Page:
Before the Storm: Barry Goldwater and the Unmaking of the American Consensus By Rick Perlstein, Hill and Wang, 671 pages, $30
“America would remember the sixties as a decade of the Left,” writes Rick Perlstein, in his fascinating and revisionist account of how the 1964 presidential campaign marked a new course of American political life. Really it was the “decade when the polarization began.”
The polarization concerned the role of government. In his 1964 campaign against Barry Goldwater, Lyndon Baines Johnson articulated the postwar liberal consensus: “Government is not an enemy of the people. It is the people.” Goldwater championed individual rights and liberties, and called the government “a Leviathan, a vast national authority out of touch with the people, and out of control.” LBJ won the election by a huge margin, but over the long run, according to Perlstein, Goldwater’s vision has triumphed.
Among the book’s major contributions is tracing the origin of the Goldwater movement to Clarence Manion, former dean of the Notre Dame Law School. Manion, a man of the anti-Roosevelt Old Right, was displeased to see Eisenhower carrying on the New Deal rather than repudiating it. This inspired much work, including his effort to draft Barry Goldwater for president.
The man and the movement needed a manifesto, and it was Manion who set out to create one. He decided on William Buckley’s brother-in-law, Brent Bozell, as ghostwriter, and in six weeks, Bozell finished Conscience of a Conservative. Rather than deal with a left-wing New York publisher, Manion contracted directly with a printer. The book debuted at number 14 on the New York Times bestseller list, and by November 1960, had sold 500,000 copies.
“I have little interest in streamlining government or making it more efficient for I mean to reduce its size,” the book proclaimed. “I do not undertake to promote welfare for I propose to extend freedom. My aim is not to pass laws, but to repeal them.”
Yet Goldwater also proposed to expand the state. His book urged the U.S. government to summon the will and the means to take the initiative against the Russians. Later, in the sort of rhetoric that would lead to his defeat, he was to advocate atom-bombing North Vietnam — a far cry from the limited government theory that had set his movement in motion.
Besides giving Manion his rightful place, the book also credits William J. Baroody, Sr. of the American Enterprise Institute with being the chief intellectual entrepreneur of the Goldwater campaign. Discussing the increasing influence of AEI, Perlstein says that “ideas once enforced at union-busting manufacturies by goonsquad and court injunction now received scientific demonstration by economists with Austrian names.”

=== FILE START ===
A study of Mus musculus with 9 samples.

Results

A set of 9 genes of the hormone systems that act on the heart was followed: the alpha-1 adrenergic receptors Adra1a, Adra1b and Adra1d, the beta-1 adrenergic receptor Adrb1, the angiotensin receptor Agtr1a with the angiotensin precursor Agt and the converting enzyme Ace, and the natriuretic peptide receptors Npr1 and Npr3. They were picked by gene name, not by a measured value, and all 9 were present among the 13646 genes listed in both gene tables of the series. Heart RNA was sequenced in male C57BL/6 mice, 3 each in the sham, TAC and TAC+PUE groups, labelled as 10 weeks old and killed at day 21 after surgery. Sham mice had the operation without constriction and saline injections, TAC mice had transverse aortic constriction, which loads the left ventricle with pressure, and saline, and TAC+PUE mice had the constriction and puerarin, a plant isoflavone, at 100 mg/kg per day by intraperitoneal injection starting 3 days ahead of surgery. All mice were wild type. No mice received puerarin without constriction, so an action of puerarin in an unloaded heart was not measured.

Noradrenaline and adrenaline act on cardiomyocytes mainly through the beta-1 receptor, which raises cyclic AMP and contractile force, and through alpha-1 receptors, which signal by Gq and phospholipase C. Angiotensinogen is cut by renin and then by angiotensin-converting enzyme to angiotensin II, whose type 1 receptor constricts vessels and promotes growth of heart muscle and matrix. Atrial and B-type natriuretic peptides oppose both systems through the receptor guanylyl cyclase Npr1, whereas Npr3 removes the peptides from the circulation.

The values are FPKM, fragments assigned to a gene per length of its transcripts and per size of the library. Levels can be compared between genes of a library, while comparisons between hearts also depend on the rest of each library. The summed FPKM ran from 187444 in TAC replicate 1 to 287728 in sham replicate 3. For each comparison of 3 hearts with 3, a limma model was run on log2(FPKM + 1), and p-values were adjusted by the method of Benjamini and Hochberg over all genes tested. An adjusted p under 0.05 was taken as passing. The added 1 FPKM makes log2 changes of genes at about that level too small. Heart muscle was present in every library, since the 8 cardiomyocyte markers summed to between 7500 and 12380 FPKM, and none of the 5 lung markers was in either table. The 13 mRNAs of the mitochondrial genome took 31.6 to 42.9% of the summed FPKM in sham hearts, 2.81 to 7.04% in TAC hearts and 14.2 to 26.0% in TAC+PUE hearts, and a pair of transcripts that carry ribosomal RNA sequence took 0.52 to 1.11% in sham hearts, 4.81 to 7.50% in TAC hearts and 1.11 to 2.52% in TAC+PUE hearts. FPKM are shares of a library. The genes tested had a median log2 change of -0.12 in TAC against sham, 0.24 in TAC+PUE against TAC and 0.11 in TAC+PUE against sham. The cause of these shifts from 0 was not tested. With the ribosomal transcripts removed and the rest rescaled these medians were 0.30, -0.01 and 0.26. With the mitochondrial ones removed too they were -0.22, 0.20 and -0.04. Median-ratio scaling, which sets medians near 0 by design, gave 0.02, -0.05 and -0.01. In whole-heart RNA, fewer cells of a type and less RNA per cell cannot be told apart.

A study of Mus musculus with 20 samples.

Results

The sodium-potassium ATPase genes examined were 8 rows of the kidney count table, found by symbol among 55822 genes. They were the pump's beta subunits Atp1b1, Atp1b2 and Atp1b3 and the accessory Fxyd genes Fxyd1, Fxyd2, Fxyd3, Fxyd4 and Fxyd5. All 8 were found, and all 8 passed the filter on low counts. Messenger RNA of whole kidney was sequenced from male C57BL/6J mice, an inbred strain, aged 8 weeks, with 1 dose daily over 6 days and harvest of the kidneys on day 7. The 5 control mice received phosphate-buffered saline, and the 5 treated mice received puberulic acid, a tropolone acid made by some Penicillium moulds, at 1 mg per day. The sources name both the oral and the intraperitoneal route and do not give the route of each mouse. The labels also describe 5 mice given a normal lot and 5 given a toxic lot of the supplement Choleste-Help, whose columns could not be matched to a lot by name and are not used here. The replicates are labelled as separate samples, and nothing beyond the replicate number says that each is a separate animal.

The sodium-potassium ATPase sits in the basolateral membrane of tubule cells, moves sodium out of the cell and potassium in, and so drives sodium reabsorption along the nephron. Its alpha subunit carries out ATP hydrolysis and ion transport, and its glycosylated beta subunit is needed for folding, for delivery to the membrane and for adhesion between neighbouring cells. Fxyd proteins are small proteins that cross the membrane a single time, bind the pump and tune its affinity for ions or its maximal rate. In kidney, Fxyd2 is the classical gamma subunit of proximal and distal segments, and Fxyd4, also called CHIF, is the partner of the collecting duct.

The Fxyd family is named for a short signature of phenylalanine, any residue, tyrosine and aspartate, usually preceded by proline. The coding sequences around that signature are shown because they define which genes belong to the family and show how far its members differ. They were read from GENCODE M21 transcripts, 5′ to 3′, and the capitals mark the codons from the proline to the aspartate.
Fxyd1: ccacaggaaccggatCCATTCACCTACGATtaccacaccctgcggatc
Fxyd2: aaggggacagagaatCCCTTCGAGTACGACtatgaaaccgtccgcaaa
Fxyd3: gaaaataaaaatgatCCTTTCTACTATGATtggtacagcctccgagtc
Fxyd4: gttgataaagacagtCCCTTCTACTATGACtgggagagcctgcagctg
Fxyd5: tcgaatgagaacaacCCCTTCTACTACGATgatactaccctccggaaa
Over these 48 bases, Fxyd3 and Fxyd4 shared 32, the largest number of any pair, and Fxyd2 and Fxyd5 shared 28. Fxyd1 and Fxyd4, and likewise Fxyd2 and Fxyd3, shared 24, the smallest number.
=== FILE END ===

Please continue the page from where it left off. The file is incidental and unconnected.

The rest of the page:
More surprising is the role that William Buckley played. Buckley had been skeptical about Goldwater since 1959, and had even pooh-poohed the idea of Conscience of a Conservative. He early on said, “I don’t want to be identified with a total political failure,” and wrote a series of hostile newspaper columns. Late in the campaign, Buckley told Richard Clurman, chief correspondent of Time, that if Goldwater were elected, “That might be a serious problem.” Later, speaking to a shocked and silent Young Americans for Freedom convention, he dismissed the campaign: “We do not believe in the Platonic affirmation of our own little purities.”
But the campaign was most hobbled by Goldwater’s support of war, precisely the part of his platform Buckley most approved of. He promised to end the draft as soon as possible, but it was not enough. The famous daisy/atom bomb TV commercial wounded Goldwater, and Americans came to fear he would start a nuclear conflict. So, on election day, the (apparent) peace candidate won.
The entire drama — the draft movement, the nomination struggle, Nelson Rockefeller, the hopelessly biased media — is chronicled in these pages. The smears are especially bracing to recount. We are reminded of Walter Cronkite’s and Daniel Schorr’s on-air claim that Goldwater was going to Hitler’s former vacation home in Bavaria to meet neo-Nazis. Norman Mailer, covering the convention for Esquire, said the resounding cheers reminded him of Sieg Heils. Pornographer Ralph Ginzberg set up Fact magazine to recruit psychiatrists who would call Goldwater crazy. A Methodist magazine referred to its issue on Goldwaterism as a “continuation of its response to the threat of Hitler.”
Though “our own little purities” only won 27 million votes, Americans did not forget the call for freedom from federal power. And many of the astounding 3.9 million Goldwater volunteers remained active in politics. Indeed, with the end of the Cold War making possible the end of warfare ideology on the right, the domestic heart of Goldwaterism is making progress once again.
These days, hardly anyone outside academia believes that the more that government manages social and economic life, the better off we will be. To a great extent, we are still in the midst of the anti-New Deal revolution, and far closer today to seeing its potential fulfilled than we were in 1964.